Oct

Why You Need a PhD in Power and Wise Boundaries

Posted on October 9th, 2015

Almost every church, nonprofit organization, and Christian community I know bears deep scars and hurt due to a failure to steward power and set wise boundaries. I was no exception. My understanding of how power affects relationships and the need for wise boundaries was woefully inadequate for many years. I tried to be a good friend and a good “boss,” but I was neither. I lost relationships I treasured that I had spent years building.

I didn’t understand two key concepts – stewardship and dual relationships.

Every leader exercises stewardship of power, i.e. we have a capacity to influence others. That power is God-given. When we under-use our power out of fear, a need to be liked, or an aversion to conflict, we hurt people. When we over-use our power to manipulate and push, we also hurt people. Exercising power like Jesus requires we know our shadows and vulnerabilities, and build in healthy safeguards.

Every leader also finds themselves in dual relationships, i.e., when we have more than one role in a person’s life. A dual relationship, for example, is when I am a person’s friend, supervisor, spiritual authority, pastor or confidant – at the same time. Without the language and emotional maturity to talk about these complexities (I am not in favor of eliminating dual roles entirely from Christian leadership), they inevitably lead to great pain and hurt.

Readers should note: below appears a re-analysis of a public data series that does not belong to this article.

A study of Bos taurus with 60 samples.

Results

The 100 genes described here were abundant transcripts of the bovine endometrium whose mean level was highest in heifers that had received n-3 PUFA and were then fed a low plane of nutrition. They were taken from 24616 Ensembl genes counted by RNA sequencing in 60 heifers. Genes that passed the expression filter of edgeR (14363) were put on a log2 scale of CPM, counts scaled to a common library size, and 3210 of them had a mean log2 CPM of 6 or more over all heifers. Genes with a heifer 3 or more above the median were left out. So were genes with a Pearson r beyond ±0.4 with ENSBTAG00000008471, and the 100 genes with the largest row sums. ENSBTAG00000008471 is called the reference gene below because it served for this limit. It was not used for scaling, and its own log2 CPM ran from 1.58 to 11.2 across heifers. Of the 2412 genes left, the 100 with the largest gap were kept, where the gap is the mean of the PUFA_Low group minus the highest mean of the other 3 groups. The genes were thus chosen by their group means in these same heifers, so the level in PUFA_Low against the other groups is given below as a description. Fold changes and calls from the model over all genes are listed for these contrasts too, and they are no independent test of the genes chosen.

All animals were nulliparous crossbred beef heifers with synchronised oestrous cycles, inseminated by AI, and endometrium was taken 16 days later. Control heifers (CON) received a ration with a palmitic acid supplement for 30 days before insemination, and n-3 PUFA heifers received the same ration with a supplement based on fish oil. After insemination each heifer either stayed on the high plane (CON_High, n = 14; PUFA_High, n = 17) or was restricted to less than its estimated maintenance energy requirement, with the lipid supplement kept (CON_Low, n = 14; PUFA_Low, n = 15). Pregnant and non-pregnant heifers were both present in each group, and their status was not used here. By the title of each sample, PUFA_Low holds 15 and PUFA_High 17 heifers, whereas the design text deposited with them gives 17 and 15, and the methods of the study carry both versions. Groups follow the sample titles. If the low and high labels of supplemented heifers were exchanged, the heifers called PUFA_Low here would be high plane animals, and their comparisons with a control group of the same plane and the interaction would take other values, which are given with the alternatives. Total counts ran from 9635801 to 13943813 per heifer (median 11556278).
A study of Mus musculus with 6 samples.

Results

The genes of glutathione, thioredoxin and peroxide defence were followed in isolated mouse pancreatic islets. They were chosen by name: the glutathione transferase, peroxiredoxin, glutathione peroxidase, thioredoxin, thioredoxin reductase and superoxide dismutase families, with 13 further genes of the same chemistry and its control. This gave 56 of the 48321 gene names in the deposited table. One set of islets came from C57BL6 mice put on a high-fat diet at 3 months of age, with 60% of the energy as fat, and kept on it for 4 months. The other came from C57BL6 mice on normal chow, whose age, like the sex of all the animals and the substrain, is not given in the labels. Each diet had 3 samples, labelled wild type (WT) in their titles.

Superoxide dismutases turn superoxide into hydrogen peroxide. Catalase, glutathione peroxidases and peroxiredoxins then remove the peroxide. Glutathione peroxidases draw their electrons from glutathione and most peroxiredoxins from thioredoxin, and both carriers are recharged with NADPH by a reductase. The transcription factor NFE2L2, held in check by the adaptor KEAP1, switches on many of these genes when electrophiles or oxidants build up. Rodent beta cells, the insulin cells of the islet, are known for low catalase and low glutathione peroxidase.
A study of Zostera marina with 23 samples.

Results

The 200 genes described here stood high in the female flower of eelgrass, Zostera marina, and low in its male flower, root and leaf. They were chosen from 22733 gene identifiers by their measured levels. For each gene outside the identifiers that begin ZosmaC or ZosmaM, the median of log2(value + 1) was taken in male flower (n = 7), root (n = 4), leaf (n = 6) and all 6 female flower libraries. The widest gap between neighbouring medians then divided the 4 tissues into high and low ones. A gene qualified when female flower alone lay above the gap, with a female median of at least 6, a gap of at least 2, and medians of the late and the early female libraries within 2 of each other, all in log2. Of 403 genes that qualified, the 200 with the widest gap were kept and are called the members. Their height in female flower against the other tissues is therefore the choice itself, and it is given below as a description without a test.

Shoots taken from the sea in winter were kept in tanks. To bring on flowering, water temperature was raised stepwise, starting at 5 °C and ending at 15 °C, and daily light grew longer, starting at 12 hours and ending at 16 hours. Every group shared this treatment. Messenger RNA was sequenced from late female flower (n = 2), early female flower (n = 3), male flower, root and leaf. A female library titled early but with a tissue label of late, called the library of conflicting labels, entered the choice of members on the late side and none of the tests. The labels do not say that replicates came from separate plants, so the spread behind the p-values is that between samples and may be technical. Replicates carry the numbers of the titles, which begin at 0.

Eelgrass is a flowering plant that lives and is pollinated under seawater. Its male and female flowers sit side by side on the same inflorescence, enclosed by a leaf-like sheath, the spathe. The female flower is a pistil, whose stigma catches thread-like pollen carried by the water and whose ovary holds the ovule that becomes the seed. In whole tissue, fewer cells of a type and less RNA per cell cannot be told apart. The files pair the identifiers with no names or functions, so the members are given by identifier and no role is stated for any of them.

With a more nuanced, multi-layered understanding of power and boundaries, we know who we are and who we are not with and for others.

I spent 8 years writing The Emotionally Healthy Leader. But it was the lessons learned from pain around “Power and Wise Boundaries” that initially served as the impetus for the writing of the book. It was, by far, the most difficult chapter to articulate clearly. Let me invite you to ponder those pages slowly and prayerfully.

If you are going to serve as a leader over the long haul, you will confront the complexity of power and wise boundaries. And the stakes will be high – for you, for those you lead, and for the advance of the mission of Jesus.